The Butcher Boy

Front Cover
Picador, 1992 - Boys - 215 pages
148 Reviews
"When I was a young lad, twenty or thirty or forty years ago, I lived in a small town where they were all after me on account of what I done on Mrs Nugent". So speaks Francie Brady, the narrator and anti-hero of THE BUTCHER BOY . When the story begins Francie is a bit of a scamp, full of curiosity and mischief. Then an unpleasant encounter with Mrs Nugent on the subject of her son's missing comic books propels Francie to the brink of madness, and beyond. McCabe's depiction of small-town Irish life and of one boy's deterioration into madness and despair is, surprisingly, one of the most raucous, earthy and horrifically hilarious stories of all time. Dark and gothic, funny and tragic, starring a child who retains the pathos of a grubby urchin even as he evolves into a monster, THE BUTCHER BOY is an absolute treasure.

I love Ireland and its writing. - Goodreads
I just absolutely hate stream of consciousness writing. - Goodreads
Patrick McCabe's a great Irish writer. - Goodreads
It was very difficult to read for two reasons. - Goodreads
Very strong writing. - Goodreads

Review: The Butcher Boy

User Review  - Darren - Goodreads

I saw the film way back when, but for some reason delayed reading the book until now. It's compelling. Francie is not just an unreliable narrator; he's a character experiencing a psychotic break. As he disintegrates, he becomes more dangerous to know but more sympathetic. Read full review

Review: The Butcher Boy

User Review  - Eva - Goodreads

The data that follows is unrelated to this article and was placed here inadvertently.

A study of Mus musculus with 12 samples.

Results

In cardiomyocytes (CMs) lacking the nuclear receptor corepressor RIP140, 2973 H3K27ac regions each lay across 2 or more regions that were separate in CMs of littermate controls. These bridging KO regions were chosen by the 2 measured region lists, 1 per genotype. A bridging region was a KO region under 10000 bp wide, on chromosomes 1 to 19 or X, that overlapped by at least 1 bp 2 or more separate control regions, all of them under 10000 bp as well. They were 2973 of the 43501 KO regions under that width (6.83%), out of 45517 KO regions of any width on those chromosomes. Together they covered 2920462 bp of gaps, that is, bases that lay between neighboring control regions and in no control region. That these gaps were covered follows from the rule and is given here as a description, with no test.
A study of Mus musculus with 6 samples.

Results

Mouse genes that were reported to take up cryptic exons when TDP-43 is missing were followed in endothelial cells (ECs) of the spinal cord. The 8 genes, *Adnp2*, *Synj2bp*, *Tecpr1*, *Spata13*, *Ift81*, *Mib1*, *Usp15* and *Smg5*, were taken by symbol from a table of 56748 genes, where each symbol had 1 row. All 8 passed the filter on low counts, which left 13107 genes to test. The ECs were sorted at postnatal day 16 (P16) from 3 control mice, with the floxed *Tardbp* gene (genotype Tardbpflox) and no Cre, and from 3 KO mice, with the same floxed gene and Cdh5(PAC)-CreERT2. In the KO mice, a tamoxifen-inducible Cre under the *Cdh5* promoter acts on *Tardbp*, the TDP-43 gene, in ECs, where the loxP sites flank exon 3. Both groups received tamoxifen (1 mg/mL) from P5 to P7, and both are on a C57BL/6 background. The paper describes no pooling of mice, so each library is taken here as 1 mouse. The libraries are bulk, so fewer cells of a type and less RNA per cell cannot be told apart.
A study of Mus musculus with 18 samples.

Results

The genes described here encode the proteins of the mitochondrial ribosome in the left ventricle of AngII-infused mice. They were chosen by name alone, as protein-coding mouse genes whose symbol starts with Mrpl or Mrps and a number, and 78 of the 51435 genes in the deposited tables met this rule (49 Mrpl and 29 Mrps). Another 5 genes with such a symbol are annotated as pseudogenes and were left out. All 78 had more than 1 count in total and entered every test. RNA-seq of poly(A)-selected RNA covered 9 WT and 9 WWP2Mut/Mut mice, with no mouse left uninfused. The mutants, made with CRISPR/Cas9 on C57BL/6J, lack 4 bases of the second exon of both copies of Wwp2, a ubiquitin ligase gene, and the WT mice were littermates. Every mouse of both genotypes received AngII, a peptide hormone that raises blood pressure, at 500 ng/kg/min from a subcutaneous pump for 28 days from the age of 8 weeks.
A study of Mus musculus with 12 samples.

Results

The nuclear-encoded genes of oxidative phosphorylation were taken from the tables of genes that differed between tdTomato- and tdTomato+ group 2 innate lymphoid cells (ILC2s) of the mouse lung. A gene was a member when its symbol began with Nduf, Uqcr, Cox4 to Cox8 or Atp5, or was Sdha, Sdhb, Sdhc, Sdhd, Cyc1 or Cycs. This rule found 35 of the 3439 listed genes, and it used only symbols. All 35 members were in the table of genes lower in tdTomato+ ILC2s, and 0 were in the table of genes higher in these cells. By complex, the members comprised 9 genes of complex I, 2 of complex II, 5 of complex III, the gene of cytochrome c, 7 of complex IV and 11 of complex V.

Exceeded my expectations. A definite great work. The book is an original take on a rural Irish life through the eyes of the "mad" protagonist Francis, the intermingling of imagination and reality in ... Read full review

About the author (1992)

Patrick McCabe has been twice short-listed for the prestigious Booker Prize in Great Britain. He is considered one of Ireland's major new writers. McCabe was teaching learning-disabled students in a grammar school in London when his third novel, "The Butcher Boy," was published in 1992. The novel is a coming-of-age story written in the voice of its young narrator. The small town that Francie Brady lives in is modeled on the town where McCabe grew up. "The Butcher Boy" was an immediate success, and was nominated for the Booker Prize. It won the top literary prize in Ireland, the Aer Lingus Prize. McCabe's fifth novel, "Breakfast on Pluto," was published in 1998. It too was on the shortlist for the Booker Prize. He has also written several plays, including an adaptation of "The Butcher Boy." Patrick McCabe was born in 1955 in Ireland and was educated at St. Patrick's College in Dublin. He is married to Margot Quinn and has two daughters, Ellen and Katy.